Lewis Hamilton bounced back to top the times ahead of Valtteri Bottas on Friday as Mercedes used the luxury of their domination to perform some experiments on a day of off-track drama at the 70th Anniversary Grand Prix.
The championship leader and six times champion had been second behind his Finnish team-mate in the opening morning session at Silverstone, but was fastest in torrid heat and temperatures of 36 degrees in the afternoon.
By then, team boss Toto Wolff's patience was being stretched as rival teams appeared to gang up against Racing Point, a Mercedes customer team, and give little credit to the German outfit's claim of being mistreated in commercial negotiations.
"The FIA wanted to come up with a solution that kind of lets everybody live," said Wolff, referring to the stewards' verdict upholding Renault's appeal, challenging the legality and originality of the so-called 'pink Mercedes' cars.
Racing Point were docked 15 points and fined 400,000 Euros.
"Now Racing Point is pretty upset," said Wolff. "They believe they have a strong case and they have lawyers ready to go and appeal.
"On the other side what I see is that there is a group forming, a little revolution in every sense – and they are trying to go after Racing Point because I guess they are upset that they haven't got the performance that Racing Point have."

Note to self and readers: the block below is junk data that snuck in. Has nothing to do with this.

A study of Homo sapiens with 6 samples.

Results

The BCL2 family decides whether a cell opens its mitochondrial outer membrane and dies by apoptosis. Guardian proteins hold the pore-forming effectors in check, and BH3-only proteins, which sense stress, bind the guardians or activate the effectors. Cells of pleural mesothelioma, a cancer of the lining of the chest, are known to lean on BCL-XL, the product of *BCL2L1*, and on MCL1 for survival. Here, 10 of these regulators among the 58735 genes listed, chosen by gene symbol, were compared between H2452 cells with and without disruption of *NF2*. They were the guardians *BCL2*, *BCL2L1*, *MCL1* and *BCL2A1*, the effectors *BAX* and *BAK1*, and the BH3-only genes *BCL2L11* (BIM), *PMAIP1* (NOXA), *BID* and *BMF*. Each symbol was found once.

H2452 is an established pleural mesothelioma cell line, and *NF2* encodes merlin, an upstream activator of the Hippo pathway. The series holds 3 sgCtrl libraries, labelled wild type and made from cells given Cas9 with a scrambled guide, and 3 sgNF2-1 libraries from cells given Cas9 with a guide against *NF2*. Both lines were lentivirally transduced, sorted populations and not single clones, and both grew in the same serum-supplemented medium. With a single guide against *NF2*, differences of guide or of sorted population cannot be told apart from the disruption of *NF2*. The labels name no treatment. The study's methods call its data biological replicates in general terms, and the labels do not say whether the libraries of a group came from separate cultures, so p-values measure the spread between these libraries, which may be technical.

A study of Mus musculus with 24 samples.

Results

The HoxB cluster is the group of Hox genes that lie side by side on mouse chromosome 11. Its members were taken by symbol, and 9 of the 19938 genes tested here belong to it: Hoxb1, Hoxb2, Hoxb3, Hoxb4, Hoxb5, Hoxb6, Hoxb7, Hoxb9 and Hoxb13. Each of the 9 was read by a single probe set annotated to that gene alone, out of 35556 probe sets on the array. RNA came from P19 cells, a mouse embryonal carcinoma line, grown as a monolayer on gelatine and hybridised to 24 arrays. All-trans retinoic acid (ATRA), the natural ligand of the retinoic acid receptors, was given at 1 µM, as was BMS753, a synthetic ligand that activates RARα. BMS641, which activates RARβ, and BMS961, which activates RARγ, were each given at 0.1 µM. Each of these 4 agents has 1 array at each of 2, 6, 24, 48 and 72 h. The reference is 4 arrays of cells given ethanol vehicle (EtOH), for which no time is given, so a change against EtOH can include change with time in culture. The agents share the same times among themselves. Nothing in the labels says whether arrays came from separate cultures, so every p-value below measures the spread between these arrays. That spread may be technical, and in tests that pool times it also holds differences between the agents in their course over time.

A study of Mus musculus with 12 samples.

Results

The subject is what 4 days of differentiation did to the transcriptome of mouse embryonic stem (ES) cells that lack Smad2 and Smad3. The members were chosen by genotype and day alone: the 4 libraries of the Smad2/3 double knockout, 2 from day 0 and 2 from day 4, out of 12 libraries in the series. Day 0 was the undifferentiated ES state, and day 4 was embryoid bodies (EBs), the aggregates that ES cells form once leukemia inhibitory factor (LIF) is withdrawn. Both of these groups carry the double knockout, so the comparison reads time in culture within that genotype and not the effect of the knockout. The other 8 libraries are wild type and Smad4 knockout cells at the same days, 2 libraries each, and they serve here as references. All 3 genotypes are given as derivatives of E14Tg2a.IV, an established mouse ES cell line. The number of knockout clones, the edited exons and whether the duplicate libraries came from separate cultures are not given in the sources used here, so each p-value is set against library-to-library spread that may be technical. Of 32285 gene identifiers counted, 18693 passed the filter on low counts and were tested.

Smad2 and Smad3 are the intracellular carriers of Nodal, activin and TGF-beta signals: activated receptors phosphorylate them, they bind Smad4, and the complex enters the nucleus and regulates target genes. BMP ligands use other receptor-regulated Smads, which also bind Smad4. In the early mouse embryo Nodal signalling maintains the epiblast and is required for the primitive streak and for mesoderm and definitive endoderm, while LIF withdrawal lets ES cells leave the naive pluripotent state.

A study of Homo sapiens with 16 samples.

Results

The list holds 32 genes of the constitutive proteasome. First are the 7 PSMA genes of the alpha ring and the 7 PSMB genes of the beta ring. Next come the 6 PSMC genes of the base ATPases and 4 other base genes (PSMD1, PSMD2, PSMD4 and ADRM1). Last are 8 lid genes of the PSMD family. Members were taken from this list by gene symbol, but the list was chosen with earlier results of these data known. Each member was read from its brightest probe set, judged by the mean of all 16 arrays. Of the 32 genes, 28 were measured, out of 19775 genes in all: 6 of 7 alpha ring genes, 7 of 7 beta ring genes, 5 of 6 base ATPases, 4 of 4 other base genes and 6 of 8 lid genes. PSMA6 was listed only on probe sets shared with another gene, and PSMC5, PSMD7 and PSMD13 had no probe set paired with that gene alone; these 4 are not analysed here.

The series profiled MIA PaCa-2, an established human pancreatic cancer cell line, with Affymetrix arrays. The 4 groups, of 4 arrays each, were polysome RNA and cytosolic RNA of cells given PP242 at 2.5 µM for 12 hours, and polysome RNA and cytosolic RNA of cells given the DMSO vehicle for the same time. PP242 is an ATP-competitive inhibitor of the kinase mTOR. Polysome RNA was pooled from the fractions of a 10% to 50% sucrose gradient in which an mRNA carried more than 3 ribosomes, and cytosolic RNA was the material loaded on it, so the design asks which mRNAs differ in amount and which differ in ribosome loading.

On the track, his 'black arrows' team reigned supreme and were one-two in both sessions.
"It's been a positive day with small adjustments to gain a millisecond here and there," said Hamilton.
Bottas said there was little to choose between the new softer tyres on one lap and the mediums.
- Hard time for tyres -
"Obviously, they don't last as long and in these temperatures they are having quite a hard time especially on high fuel."
Behind the two Mercedes men, Daniel Ricciardo was third for Renault, eight-tenths off the pace set by Hamilton's best lap of one minute and 25.606 seconds, enough to lift him one-tenth clear of Bottas.
The two had traded fastest laps during the session, which ended early with two minutes remaining when Antonio Giovinazzi was left stranded with his Alfa Romeo at Becketts after Sebastian Vettel had suffered an engine failure in his Ferrari at Copse.
The session was red-flagged and not re-started.
Max Verstappen was fourth for Red Bull ahead of the Racing Point pairing of Lance Stroll and Nico Hulkenberg, the Canadian edging ahead of the stand-in German driver, who was replacing coronavirus victim Sergio Perez.
The Mexican had returned a positive result from a Covid-19 test overnight Thursday and missed a second successive race, allowing Hulkenberg to impress again.
Behind them, Charles Leclerc was seventh for Ferrari ahead of Lando Norris and Carlos Sainz of McLaren and Esteban Ocon in the second Renault.
On a hectic day, Wolff also vented his spleen on other issues, notably why on behalf of Mercedes he was not intending to sign a new draft of the sport's Concorde Agreement for 2021 and beyond.
He said Mercedes felt they were "victims" and had been mistreated in the talks that had not been fair – allowing Ferrari to continue to hold a veto on the sport's rules and collect extra revenue for their historic standing.